How are stock benchmarks performing?

On Wednesday, stocks ended well off session lows but still lost ground. The Dow
DJIA,
-0.48%

fell 164.62 points to close at 33,896.04, a decline of 0.5%, after a drop of more than 580 points at its session low. The S&P 500 index
SPX,
-0.29%

shed 12.15 points, or 0.3%, to end at 4,115.68. The Nasdaq Composite Index
COMP,
-0.03%

finished virtually flat, off 3.90 points at 13,299.74, well off its Wednesday low of 13,072.23.

What’s driving the market?

First-time applications for U.S. unemployment benefits fell to a pandemic low last week, the government reported Thursday. Initial jobless claims fell 34,000 to 444,000 in the week ended May 15.Economists surveyed by Dow Jones and The Wall Street Journal had forecast new claims to fall to a seasonally adjusted 452,000.

Separately, a Philadelphia Fed gauge of regional factory activity declined.

The data helped blunt a weaker tone across equity markets after a broad-based, global selloff on Wednesday that spread across assets viewed as risky, including equities, commodities and cryptocurrencies.

Analysts said stocks may continue to struggle.

“Momentum is indeed waning in U.S. stocks as fatigue sets in and anxiety slowly rises (elevated volatility), but we are missing a clear trigger for a significant, albeit temporary, setback,” wrote Sebastien Galy, strategist at Nordea Asset Management, in a daily note.

The downtrend shaping up in U.S. equity markets has been attributed to concerns about lofty stock valuations, uncertainties about the degree to which the recovery will boost inflation, and worries that evidence of excess is building in parts of the financial system.

Against that backdrop, turbulence has become a bigger feature of the market as investors parse key data points and comments from the Fed that could offer clarity on the outlook for the economy and market.

Market participants are still digesting Fed minutes from Wednesday, which showed that “a number of participants suggested that if the economy continued to make rapid progress toward the Committee’s goals, it might be appropriate at some point in upcoming meetings to begin discussing a plan for adjusting the pace of asset purchases.”

Most Fed members have said that the economy hasn’t made substantial progress toward its goal of a healthy and vibrant labor market to merit a removal of accommodation, but talk of tapering has historically been a boogeyman for risk-taking.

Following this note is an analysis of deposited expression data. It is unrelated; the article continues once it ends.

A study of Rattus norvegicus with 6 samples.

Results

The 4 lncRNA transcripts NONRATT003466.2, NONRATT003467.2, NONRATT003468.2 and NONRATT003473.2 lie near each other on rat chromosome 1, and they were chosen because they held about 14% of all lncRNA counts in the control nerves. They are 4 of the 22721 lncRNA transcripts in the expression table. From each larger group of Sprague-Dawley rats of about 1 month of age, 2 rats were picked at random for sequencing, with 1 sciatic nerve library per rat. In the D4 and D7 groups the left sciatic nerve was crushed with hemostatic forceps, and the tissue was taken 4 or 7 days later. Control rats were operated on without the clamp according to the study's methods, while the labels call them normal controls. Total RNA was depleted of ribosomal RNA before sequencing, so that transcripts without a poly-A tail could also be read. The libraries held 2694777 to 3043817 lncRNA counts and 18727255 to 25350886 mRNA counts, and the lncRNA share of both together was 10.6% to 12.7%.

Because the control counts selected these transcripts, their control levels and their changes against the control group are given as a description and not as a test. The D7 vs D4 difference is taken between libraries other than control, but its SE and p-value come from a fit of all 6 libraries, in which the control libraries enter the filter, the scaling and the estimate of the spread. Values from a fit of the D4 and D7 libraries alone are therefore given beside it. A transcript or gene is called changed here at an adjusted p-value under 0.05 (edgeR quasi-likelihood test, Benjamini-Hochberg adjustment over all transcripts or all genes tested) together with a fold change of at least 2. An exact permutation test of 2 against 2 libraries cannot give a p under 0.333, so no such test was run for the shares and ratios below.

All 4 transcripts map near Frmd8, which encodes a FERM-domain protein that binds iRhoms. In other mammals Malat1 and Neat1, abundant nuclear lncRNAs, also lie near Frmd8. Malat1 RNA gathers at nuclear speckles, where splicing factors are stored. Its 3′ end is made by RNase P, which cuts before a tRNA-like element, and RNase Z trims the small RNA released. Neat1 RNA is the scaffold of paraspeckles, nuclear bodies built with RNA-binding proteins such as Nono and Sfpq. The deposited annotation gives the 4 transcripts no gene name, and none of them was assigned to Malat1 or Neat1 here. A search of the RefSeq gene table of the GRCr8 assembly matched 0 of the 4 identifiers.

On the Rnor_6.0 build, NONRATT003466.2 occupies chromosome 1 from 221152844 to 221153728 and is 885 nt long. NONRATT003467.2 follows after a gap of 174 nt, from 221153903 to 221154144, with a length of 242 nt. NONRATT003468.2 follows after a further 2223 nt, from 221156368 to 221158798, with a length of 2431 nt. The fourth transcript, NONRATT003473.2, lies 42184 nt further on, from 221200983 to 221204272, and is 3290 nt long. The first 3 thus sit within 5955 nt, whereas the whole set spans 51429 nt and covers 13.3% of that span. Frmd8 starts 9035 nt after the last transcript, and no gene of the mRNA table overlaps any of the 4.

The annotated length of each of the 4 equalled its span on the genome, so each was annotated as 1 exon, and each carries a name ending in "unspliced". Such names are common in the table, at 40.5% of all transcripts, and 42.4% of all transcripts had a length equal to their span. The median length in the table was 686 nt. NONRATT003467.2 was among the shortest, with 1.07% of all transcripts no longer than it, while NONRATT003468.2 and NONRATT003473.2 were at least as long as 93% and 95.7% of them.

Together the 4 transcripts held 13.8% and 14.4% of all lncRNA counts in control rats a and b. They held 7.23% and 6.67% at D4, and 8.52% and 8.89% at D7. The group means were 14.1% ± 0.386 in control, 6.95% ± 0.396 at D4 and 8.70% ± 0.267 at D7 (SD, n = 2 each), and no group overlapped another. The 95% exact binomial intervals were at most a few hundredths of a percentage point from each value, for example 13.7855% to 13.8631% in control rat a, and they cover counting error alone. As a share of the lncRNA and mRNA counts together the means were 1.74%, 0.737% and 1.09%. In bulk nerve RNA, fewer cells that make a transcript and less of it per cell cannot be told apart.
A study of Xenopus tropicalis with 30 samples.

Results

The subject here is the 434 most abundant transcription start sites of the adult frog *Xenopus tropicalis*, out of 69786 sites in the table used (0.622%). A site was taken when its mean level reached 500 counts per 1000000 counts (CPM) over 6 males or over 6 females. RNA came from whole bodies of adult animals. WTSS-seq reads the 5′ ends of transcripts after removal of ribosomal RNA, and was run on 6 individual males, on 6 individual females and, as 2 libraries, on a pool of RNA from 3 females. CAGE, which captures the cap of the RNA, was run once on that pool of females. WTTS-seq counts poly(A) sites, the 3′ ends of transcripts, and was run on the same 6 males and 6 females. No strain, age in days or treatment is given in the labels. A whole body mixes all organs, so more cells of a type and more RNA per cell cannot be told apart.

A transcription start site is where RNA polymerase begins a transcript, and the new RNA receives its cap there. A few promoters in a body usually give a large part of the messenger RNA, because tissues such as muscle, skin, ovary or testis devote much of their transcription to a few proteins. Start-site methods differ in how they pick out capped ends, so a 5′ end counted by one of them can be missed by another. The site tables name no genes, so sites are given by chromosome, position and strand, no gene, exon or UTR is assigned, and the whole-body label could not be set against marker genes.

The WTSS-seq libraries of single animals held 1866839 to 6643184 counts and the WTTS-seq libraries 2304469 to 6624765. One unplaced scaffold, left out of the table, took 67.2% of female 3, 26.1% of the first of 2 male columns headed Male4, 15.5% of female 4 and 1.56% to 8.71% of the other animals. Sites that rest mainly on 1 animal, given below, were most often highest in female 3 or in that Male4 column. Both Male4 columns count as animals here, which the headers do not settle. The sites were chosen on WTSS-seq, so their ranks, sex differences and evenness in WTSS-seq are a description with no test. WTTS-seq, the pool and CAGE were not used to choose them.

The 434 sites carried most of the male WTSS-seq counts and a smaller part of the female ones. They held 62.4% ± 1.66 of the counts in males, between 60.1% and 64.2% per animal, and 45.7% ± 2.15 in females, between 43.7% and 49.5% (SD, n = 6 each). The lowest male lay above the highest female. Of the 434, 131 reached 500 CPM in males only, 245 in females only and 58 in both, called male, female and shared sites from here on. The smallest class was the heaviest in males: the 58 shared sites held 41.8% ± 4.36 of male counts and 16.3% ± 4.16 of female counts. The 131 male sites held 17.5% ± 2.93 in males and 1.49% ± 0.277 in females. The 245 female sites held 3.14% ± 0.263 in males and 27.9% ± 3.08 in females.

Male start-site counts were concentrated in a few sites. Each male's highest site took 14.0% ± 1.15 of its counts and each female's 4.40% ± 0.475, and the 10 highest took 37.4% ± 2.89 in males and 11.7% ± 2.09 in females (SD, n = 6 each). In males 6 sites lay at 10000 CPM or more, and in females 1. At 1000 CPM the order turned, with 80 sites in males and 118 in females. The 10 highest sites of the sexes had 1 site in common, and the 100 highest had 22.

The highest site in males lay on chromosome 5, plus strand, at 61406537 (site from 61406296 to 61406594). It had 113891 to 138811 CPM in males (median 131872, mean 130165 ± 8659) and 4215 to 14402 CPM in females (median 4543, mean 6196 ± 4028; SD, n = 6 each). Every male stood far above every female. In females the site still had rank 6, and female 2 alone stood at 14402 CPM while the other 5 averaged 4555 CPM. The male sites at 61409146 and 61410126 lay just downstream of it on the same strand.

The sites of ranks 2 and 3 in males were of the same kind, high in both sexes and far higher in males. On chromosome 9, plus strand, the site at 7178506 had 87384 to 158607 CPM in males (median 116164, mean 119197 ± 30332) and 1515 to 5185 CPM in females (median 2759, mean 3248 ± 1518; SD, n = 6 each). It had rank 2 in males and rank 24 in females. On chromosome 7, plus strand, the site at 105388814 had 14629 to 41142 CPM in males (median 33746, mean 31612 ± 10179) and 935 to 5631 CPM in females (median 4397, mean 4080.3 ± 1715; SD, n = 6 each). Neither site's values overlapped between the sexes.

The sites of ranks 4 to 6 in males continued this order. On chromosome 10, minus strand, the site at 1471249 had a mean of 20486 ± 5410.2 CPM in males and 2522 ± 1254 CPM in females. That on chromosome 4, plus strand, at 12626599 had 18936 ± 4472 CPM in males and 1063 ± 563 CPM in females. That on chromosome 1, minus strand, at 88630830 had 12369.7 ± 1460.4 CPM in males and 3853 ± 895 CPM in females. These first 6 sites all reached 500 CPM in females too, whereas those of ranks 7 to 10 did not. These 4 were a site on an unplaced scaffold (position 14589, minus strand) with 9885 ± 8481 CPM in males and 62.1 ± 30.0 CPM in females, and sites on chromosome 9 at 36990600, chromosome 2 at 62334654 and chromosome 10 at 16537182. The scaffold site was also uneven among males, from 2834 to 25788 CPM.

“Tentative — the question remains: when does the Fed think it’s hit the landing area for the economy, and does inflation take off in the meantime?” wrote Neil Wilson, chief market analyst at Markets.com, in a note.

Adding to overall concerns about the mood on Wall Street, has been the downturn in bitcoin
BTCUSD,
+10.89%
,
which has been regarded as a sign of waning risk appetite. Bitcoin took a $10,000 U-turn on Wednesday, hitting a low around $30,000 only to return to a price around $40,000, amid a wild selloff for the world’s No. 1 digital asset.

Among Fed speakers, Dallas Fed President Rob Kaplan is slated to deliver a speech at economic development organization Borderplex Alliance at 10:30 a.m. Eastern. Kaplan has been virtually alone among Fed officials in arguing that policy makers should begin talking about an eventual withdrawal of monetary support.

Which companies are in focus?
  • Shares of Lithia Motors IncLAD fell 0.8% in premarket trading Thursday, putting them on track for a fourth straight loss, after the auto retailer announced the pricing of its $1 billion stock offering and upsized debt offering.
  • Hormel Foods CorpHRL, reported Thursday fiscal second-quarter profit and sales that topped expectations, and raised its full-year outlook, even as volumes declined. 
  • Pfizer IncPFE and German partner BioNTech SE BNTX said Thursday they have reached a new agreement with the European Commission to supply up to 1.8 billion additional doses of their COVID-19 vaccine.